A permanent home

A permanent home

Arthur Duncan about to drive the first ball, 25 April 1908.

Ambition has motivated the Royal Wellington Golf Club since its inception. The decision to shift the club from its well-established Miramar base to far off Heretaunga was breath-taking in its boldness and vision. After all, establishing a course close to Wellington was one of the reasons the club was formed.

The move to Heretaunga was done partly because there was a property for sale that, if secured, could give the club a permanent home with huge potential. There was sufficient confidence in the sustainability of the sport and the club’s membership that the move was not considered unduly risky. And at a time when few people had cars, there was a railway station not far from the course.

The club had considered staying in Miramar and had scouted land in Titahi Bay and Gear Island and even in the middle of Trentham Race Course (like Hutt Golf Club). Then, in March 1906, descendants of early Hutt settlers, the Barton family, offered the club 48.5 hectares of farmland between Barton Road and the Hutt River. The land was mainly river valley, cut by streams and swampy in places, with pockets of bush.

The purchase of the property was negotiated on behalf of the club by businessman Charles Bateson (1874-1912). Born in Liverpool, England, he was the son of a cotton broker and as a young man he emigrated to Queensland. He forged a successful business career, eventually joining the Trust and Agency Company of Australasia. He was appointed general manager of the firm’s New Zealand operations, then based in Christchurch. He moved to Wellington about 1902 and later bought a large property in Silverstream. In 1907, even before the course opened, Bateson was made the club’s first life member for his work in securing its permanent home.  He died in 1912, at the young age of 48. 

Negotiations took six months and then a resolution was put to a special general meeting towards end of 1906. The gist of the arrangement was that the club would put the golf course on the river flat and set aside the land between Barton Road and the Maewahakona Stream for a clubrooms and other amenities and a subdivision to be offered to members. The sale of these sections, instigated and managed by a syndicate of members, would defray the huge cost of buying the land, building the golf course, building a new club house and moving the club from Miramar to Heretaunga.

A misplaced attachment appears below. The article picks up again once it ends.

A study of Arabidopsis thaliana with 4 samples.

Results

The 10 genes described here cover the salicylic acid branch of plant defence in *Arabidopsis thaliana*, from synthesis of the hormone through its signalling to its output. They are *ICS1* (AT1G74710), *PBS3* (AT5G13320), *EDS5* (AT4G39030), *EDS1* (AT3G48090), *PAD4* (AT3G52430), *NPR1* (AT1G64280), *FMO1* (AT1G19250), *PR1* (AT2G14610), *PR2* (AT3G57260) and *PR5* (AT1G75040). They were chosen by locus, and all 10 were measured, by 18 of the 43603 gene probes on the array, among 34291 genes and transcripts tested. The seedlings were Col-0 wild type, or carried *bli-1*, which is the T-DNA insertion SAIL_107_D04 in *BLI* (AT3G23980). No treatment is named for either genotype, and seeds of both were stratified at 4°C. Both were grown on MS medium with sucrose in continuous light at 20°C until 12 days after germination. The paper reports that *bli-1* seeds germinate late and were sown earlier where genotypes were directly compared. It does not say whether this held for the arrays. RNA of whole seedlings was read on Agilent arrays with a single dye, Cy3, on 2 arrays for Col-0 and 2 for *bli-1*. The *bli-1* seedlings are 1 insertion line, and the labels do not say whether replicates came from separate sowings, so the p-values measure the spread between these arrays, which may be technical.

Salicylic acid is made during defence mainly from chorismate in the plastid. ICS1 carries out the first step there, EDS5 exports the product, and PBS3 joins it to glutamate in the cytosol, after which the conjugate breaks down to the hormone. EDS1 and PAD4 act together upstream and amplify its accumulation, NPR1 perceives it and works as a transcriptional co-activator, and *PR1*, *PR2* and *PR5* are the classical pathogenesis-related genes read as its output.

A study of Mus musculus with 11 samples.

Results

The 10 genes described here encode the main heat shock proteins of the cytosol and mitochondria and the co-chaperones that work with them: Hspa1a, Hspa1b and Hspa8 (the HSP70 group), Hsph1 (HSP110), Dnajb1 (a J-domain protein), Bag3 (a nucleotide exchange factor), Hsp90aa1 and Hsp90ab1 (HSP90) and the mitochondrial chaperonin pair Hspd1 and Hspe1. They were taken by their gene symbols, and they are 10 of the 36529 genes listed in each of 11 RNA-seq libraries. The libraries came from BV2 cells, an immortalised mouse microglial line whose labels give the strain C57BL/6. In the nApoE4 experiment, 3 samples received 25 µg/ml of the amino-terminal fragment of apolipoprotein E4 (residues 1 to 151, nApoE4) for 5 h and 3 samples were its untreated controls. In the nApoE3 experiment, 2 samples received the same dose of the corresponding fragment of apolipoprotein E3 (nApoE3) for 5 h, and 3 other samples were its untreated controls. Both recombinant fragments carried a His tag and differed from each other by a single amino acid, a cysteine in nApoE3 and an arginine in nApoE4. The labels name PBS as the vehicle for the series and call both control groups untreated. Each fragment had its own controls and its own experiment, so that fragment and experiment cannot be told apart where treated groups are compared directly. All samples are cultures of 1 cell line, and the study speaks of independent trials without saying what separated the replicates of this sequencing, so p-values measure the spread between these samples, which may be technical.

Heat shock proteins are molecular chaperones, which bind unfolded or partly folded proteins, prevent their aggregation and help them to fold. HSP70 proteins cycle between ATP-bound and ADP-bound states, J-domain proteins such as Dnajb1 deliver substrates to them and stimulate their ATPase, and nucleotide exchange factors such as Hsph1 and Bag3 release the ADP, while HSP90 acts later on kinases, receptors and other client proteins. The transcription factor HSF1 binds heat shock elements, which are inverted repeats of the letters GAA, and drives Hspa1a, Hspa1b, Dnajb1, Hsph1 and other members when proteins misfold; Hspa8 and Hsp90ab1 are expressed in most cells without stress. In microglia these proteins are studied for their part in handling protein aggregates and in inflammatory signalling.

Members inspecting the club’s newly purchased land (date unknown but probably 1906). (Upper Hutt Library, P4-168-3289)

Such was the energy and confidence of the club that it also planned tennis courts, a croquet green, bowling green and polo ground (only the first two were built). The terrace sections were loyally taken up by members, mainly for holiday or weekend homes. Many of these houses remain in members’ hands, although most have been altered or extended.

Construction of the golf course, club house and subdivision took place simultaneously. The course was ready to play by autumn 1908. Prime Minister Joseph Ward, an enthusiastic member and president of the club from 1908 to 1920, formally opened the new course and club house on 25 April. The club’s greatest golfer, Arthur Duncan, already a notable player, drove the first ball from the 1st tee (located near the stream at the rear of the today’s 18th green). The shift to Heretaunga paid off immediately, with most members sticking with the club and a host of new members ready to join.

Part of a panorama of the course, taken about 1910, showing the remarkable transformation that had taken place.